The UK and Italy are supportive of Saudi Arabia’s bid, but Japan is opposed, according to the Financial Times, which first reported the story on Friday.
Japan, the UK and Italy announced in December they would team up to create a combat jet more advanced than the US’s F-35 and the Eurofighter, with state-of-the-art sensors and technology.
Riyadh’s lobbying efforts have accelerated in recent weeks. In July, the Saudi government made a direct request to Tokyo to join the partnership during a meeting between Japanese Prime Minister Fumio Kishida and Crown Prince Mohammed bin Salman in Jeddah, according to the FT.
In addition to financial assistance, Saudi Arabia has offered to contribute engineering expertise to the project. The three countries aim to deliver the advanced jet by 2035, but Japan is concerned Saudi Arabia’s entry into the group could delay the launch.
Saudi Arabia’s bid to join the group underlines how Riyadh is looking to beef up its domestic defence industry and expand security links outside its alliance with the US, which has historically been the kingdom’s top arms supplier. The US has about $126bn in active arms deals with Saudi Arabia under the Foreign Military Sales (FMS) system.
But Saudi Arabia has been on the hunt for new defence partners amid concerns that the US could limit its access to weaponry over human rights concerns at home and its involvement in the war in Yemen.
Saudi Arabia, however, sees a window of opportunity with the US. It is offering normalised ties to Israel in exchange for deeper security guarantees from Washington, help in developing a civilian nuclear programme, and fewer restrictions on arms sales.
Some in Congress, however, are opposed to more arms sales. In March, Democrat Senator Chris Murphy and Republican Mike Lee introduced a resolution that would require President Joe Biden’s administration to report on Saudi Arabia’s human rights record and possibly cut off all US security assistance to the kingdom.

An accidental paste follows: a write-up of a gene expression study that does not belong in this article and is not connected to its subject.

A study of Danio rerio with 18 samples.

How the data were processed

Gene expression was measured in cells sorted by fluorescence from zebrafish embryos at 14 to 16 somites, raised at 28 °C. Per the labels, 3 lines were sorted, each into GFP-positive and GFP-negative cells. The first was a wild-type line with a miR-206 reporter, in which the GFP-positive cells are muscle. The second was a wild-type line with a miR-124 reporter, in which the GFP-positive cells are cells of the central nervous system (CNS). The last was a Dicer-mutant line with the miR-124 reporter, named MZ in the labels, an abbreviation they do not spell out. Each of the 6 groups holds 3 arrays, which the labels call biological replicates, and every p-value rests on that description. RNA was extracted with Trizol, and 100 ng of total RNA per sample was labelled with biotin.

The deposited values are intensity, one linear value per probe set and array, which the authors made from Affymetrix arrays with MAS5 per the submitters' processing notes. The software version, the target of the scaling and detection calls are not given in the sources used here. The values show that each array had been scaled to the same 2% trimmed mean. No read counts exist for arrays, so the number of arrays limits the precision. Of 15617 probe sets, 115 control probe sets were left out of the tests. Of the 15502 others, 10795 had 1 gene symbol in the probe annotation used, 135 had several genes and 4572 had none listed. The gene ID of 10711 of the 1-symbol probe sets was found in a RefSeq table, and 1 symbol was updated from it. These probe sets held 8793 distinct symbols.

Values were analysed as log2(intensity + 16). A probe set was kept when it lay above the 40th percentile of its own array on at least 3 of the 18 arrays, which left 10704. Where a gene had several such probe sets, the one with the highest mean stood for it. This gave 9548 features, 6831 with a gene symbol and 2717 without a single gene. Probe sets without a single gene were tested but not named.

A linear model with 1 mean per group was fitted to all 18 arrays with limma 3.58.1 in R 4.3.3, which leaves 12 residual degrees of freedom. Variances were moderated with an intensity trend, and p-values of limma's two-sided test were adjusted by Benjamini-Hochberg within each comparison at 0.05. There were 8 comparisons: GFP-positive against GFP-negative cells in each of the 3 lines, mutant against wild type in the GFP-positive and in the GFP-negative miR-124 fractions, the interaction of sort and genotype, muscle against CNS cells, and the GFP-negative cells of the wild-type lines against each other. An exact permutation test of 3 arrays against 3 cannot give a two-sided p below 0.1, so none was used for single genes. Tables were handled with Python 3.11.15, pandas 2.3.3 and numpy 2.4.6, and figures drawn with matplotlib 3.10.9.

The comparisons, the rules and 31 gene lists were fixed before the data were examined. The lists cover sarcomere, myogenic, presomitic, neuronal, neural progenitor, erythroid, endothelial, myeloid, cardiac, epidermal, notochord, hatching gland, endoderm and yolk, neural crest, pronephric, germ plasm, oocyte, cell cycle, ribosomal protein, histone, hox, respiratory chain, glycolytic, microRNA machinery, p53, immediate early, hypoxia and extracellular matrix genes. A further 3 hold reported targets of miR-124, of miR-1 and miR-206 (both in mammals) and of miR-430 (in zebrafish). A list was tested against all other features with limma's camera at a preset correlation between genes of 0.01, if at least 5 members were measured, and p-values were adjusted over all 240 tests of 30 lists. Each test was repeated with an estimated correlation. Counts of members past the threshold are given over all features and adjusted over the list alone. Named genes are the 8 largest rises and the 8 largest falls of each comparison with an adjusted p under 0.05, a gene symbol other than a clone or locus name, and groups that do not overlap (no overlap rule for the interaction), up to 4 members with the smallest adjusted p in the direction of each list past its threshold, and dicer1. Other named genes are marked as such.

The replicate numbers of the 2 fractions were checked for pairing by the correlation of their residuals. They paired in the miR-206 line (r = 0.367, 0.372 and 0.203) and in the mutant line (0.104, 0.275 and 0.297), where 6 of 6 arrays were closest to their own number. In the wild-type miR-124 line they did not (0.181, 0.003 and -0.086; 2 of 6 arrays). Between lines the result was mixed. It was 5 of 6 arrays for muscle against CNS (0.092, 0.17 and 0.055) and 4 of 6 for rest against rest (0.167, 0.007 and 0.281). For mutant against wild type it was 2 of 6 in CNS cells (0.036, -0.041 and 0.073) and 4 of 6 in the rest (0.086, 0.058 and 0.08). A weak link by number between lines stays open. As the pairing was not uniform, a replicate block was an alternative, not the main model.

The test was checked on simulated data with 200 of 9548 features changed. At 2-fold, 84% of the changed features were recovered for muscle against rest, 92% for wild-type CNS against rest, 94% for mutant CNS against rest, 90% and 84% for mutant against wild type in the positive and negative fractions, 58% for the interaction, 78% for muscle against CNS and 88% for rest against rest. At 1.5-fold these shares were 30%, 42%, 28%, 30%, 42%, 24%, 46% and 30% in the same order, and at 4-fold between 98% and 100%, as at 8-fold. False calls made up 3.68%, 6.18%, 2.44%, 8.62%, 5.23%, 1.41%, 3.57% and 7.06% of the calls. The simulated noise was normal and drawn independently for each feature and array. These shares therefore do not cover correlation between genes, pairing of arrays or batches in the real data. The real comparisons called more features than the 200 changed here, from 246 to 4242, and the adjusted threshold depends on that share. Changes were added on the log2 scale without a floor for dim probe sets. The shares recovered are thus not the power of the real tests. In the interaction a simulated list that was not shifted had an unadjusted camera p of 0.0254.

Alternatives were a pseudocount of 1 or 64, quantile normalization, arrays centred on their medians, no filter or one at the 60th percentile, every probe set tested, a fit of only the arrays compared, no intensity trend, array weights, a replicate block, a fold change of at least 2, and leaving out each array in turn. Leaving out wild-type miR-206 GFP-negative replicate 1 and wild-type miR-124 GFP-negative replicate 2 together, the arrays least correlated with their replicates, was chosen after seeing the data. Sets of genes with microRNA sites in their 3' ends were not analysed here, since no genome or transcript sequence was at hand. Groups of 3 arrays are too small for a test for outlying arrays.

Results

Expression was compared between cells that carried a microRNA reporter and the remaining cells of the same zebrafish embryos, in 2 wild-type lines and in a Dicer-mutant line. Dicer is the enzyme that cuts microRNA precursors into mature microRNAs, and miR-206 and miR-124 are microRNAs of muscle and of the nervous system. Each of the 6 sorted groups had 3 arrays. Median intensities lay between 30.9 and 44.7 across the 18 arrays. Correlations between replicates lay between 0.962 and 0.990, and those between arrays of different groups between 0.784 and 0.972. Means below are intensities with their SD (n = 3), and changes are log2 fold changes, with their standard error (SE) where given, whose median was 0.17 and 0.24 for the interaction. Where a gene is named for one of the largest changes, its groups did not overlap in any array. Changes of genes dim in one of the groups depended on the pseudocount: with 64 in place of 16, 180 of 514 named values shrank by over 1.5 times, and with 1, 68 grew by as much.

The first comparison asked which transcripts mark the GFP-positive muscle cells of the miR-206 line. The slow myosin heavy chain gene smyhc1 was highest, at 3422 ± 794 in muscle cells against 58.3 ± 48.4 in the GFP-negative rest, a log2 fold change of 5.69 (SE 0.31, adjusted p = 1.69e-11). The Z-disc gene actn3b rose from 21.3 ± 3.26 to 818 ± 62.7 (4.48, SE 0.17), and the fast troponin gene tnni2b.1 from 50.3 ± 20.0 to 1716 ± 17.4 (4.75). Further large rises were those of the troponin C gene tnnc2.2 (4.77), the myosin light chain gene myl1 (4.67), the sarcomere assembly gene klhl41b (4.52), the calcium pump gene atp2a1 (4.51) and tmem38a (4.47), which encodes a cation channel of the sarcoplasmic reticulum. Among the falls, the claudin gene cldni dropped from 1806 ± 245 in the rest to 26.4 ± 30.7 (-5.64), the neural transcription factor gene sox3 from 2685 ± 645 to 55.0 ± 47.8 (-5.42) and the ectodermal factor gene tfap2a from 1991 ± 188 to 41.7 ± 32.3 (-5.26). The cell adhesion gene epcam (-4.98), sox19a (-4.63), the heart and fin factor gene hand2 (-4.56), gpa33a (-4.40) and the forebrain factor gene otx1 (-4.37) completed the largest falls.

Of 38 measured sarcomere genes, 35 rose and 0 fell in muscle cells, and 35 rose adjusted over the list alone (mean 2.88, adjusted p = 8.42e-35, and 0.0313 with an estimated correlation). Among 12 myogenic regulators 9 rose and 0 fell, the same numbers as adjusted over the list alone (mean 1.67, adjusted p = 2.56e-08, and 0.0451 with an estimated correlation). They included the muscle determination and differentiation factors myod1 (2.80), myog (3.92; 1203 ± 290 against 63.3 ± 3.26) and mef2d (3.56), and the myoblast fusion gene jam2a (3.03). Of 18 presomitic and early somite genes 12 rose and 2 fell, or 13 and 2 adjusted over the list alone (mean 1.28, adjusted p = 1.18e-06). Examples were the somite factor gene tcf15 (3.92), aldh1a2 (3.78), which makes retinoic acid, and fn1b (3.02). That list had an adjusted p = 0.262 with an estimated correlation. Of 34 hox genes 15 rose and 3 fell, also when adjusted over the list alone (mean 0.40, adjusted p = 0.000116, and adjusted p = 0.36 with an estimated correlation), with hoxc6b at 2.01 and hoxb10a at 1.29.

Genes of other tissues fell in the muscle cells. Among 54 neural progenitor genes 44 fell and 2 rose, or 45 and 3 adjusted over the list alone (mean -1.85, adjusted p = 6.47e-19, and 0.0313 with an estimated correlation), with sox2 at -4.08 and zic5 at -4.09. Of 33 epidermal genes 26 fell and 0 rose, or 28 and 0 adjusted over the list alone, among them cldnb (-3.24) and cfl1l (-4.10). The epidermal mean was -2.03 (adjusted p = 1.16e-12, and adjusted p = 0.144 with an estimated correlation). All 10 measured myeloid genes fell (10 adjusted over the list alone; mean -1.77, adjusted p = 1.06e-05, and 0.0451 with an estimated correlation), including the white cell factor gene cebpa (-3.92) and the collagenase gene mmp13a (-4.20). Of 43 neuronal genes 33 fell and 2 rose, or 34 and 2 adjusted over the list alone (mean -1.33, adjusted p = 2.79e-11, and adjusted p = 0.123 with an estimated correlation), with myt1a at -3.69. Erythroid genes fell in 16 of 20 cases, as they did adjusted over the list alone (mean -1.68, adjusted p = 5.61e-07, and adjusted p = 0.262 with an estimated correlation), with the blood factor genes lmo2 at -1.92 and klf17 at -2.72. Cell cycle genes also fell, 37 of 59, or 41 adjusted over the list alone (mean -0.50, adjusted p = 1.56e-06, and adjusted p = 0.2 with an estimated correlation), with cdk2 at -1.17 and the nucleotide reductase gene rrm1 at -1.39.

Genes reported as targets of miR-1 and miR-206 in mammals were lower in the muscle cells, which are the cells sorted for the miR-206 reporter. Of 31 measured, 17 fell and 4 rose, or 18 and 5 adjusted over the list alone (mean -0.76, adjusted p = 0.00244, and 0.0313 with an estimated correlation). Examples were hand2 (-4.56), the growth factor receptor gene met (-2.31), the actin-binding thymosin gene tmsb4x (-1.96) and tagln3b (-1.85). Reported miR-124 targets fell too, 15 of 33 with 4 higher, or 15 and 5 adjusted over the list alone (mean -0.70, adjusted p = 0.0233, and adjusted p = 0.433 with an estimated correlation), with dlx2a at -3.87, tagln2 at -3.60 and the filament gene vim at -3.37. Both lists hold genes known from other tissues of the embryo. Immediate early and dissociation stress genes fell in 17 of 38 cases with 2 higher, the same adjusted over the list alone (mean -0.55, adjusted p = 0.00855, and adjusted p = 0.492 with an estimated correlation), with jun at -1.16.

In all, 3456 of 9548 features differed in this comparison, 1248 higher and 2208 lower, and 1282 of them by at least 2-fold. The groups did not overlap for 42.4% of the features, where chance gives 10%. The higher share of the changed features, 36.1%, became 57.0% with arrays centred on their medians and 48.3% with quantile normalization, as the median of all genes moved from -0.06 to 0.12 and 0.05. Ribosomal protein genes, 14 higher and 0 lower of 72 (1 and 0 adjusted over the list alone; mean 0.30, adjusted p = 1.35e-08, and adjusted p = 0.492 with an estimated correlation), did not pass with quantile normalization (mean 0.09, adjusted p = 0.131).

Meanwhile, Germany has stymied Saudi Arabia’s attempts to acquire the Eurofighter jet by linking the sale with an end to the Yemen war.
Germany initially halted arms sales to Saudi Arabia following the killing of Washington Post and Middle East Eye columnist Jamal Khashoggi inside the Saudi consulate in Istanbul in 2018. In July, Berlin loosened some restrictions on weapons sales, but said it would continue to block deliveries of the Eurofighter jet.
Along with regional powers like Turkey and the UAE, Saudi Arabia is making a push to develop its own domestic arms industry, a move that could reduce its reliance on western states conditioning arms sales.
In March 2022, the chief executive of Saudi Arabian Military Industries revealed that the kingdom plans to produce a Saudi-made drone and establish one of the world’s biggest munitions factories. Riyadh has also turned to China for technological assistance.
But the UK, Japan and Italy have raised concerns about how much technological prowess Saudi Arabia could actually bring to the project.
Saudi Arabia’s turn to Europe and Asia for arms also underlines the changing nature of foreign defence ties in the region. For years, Russia has tried to make strides in the Arab Persian Gulf – the Middle East’s most lucrative arms market – but those efforts have been derailed by its poor performance in Ukraine’s war, analysts tell Middle East Eye.
While ties between Riyadh and Washington have come under strain over human rights issues, European NATO countries offer Persian Gulf states an attractive alternative, analysts say.